Woman in Myanmar


In a world where large businesses and corporations seemingly dominate international markets; there is a small, but salient actor that plays a pivotal role in all economies worldwide. Micro-, small and medium-sized Enterprises (MSMEs) are the eyes and feet on the ground and can be credited for significant employment and income generation opportunities. As a result, MSMEs have been identified as a major driver of poverty alleviation and economic development.

In the effort to raise public awareness of their contribution to sustainable economies, the United Nations General Assembly declared June 27th as
Micro-, Small and Medium-sized Enterprises Day in 2017. MEDA understands that MSMEs are catalysts for local development and are at the forefront of innovation, creativity and the provision of decent work for all. Equipped with expertise and resources, MEDA partners with MSMEs around the world to forge market linkages and provide training, technical support, financial services and more. 

Take the Colombian industrial supply firm, Rayco for example. Rayco is backed by Kandeo Fund, a regional private equity fund backed by Sarona Frontier Market Fund 2, a $150 million blended finance fund-of-funds managed by Sarona Asset Management. With a small grant, alongside an equity investment, the supplier set up a new store in a rural location. The idea was to diversify away from consumer appliances and offer income-generating agricultural tools. When the new store did not yield expected traffic or revenues, the supplier adapted and introduced a mobile sales agent model to reach the most rural markets of Socorro.

In Nigeria, MEDA partnered with Cuso International on the Youth Leadership, Entrepreneurship, Access and Development (YouLead) project. The Youth Entrepreneurship Business Support Plan (YEBSP) is just one of the many activities aimed at improving financial inclusion for young entrepreneurs in Cross River State. Over 4000 applications were received over the course of three cycles and 324 youth entrepreneurs (56% women) were granted funds for their businesses.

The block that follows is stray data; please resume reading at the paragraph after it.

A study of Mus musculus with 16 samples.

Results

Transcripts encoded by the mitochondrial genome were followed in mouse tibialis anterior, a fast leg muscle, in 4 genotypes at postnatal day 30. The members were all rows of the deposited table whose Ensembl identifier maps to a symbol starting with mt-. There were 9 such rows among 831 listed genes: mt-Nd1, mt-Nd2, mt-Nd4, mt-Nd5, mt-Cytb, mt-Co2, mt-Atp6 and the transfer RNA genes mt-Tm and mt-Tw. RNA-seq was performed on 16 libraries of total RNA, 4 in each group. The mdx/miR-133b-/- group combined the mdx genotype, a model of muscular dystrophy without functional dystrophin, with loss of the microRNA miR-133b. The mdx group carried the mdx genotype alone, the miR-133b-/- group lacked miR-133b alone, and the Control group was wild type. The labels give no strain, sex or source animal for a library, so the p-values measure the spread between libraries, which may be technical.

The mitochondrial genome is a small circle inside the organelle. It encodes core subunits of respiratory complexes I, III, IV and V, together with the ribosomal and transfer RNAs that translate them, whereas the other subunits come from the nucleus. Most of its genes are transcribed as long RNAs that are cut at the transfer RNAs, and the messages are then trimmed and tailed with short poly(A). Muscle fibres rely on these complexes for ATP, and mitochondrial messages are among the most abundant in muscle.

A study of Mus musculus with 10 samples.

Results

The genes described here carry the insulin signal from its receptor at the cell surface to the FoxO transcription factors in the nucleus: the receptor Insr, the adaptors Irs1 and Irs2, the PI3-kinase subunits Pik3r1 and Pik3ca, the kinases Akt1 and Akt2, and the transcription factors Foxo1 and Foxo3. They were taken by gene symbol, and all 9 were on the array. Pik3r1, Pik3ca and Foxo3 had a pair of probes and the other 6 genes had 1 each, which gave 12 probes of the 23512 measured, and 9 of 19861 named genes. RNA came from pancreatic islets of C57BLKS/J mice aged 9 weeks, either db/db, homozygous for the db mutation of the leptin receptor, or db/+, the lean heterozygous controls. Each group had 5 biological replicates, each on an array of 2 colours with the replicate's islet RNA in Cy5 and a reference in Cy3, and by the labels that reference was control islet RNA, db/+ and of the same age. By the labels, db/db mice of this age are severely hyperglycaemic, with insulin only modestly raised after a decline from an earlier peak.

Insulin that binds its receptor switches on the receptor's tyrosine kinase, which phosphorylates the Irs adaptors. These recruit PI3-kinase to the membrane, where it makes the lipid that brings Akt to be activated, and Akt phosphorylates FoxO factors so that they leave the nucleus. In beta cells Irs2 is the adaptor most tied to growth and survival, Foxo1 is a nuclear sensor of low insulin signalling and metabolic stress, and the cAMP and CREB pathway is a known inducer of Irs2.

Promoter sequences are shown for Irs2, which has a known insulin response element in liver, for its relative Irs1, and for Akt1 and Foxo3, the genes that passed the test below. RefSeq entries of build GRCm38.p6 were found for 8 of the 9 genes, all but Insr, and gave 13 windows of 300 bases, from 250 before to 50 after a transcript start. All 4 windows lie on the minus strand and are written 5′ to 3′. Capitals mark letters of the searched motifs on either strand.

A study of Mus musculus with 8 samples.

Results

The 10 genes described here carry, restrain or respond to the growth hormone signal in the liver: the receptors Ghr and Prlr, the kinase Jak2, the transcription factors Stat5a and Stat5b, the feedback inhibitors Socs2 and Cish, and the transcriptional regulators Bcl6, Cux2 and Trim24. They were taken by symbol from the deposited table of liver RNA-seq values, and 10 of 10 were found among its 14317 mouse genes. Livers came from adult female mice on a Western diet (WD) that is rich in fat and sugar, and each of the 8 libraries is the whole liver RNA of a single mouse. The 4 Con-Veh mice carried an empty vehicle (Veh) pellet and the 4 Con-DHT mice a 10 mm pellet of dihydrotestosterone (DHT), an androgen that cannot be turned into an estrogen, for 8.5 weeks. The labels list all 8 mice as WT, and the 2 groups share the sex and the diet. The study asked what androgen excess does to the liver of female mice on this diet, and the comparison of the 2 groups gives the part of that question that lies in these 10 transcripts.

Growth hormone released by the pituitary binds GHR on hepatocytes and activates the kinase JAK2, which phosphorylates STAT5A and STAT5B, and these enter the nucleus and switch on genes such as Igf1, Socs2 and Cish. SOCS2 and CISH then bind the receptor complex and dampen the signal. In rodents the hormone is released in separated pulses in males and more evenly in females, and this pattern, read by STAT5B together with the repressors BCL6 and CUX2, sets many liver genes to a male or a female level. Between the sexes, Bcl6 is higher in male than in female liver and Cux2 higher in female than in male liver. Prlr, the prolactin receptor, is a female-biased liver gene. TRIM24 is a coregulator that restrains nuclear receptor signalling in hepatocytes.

In Asia, with funding from Canada and MCIC (Manitoba Council for International Cooperation), MEDA has implemented a five-year project in Myanmar aimed at increasing women’s participation in the country’s evolving economy and becoming active, respected and empowered economic actors and leaders. Through the Improving Market Opportunities for Women (IMOW) project, MEDA has launched an innovation fund that will deliver business assistance and matching grants to MSMEs, as well as larger companies. The first two grant recipients have been selected with supply chain expansion to women farmers and establishing women-run shops as key objectives, respectively.

Since 1953, MEDA has recognized the vital role MSMEs play in local and global economies; catering to vulnerable populations and tending to context-specific needs. With emphasis placed upon sustainability, replicability, scalability and measurability, MEDA facilitates long-term impact through investment and advisory services for clients. MEDA is honoured to participate in the celebration of these businesses and their contribution to international development.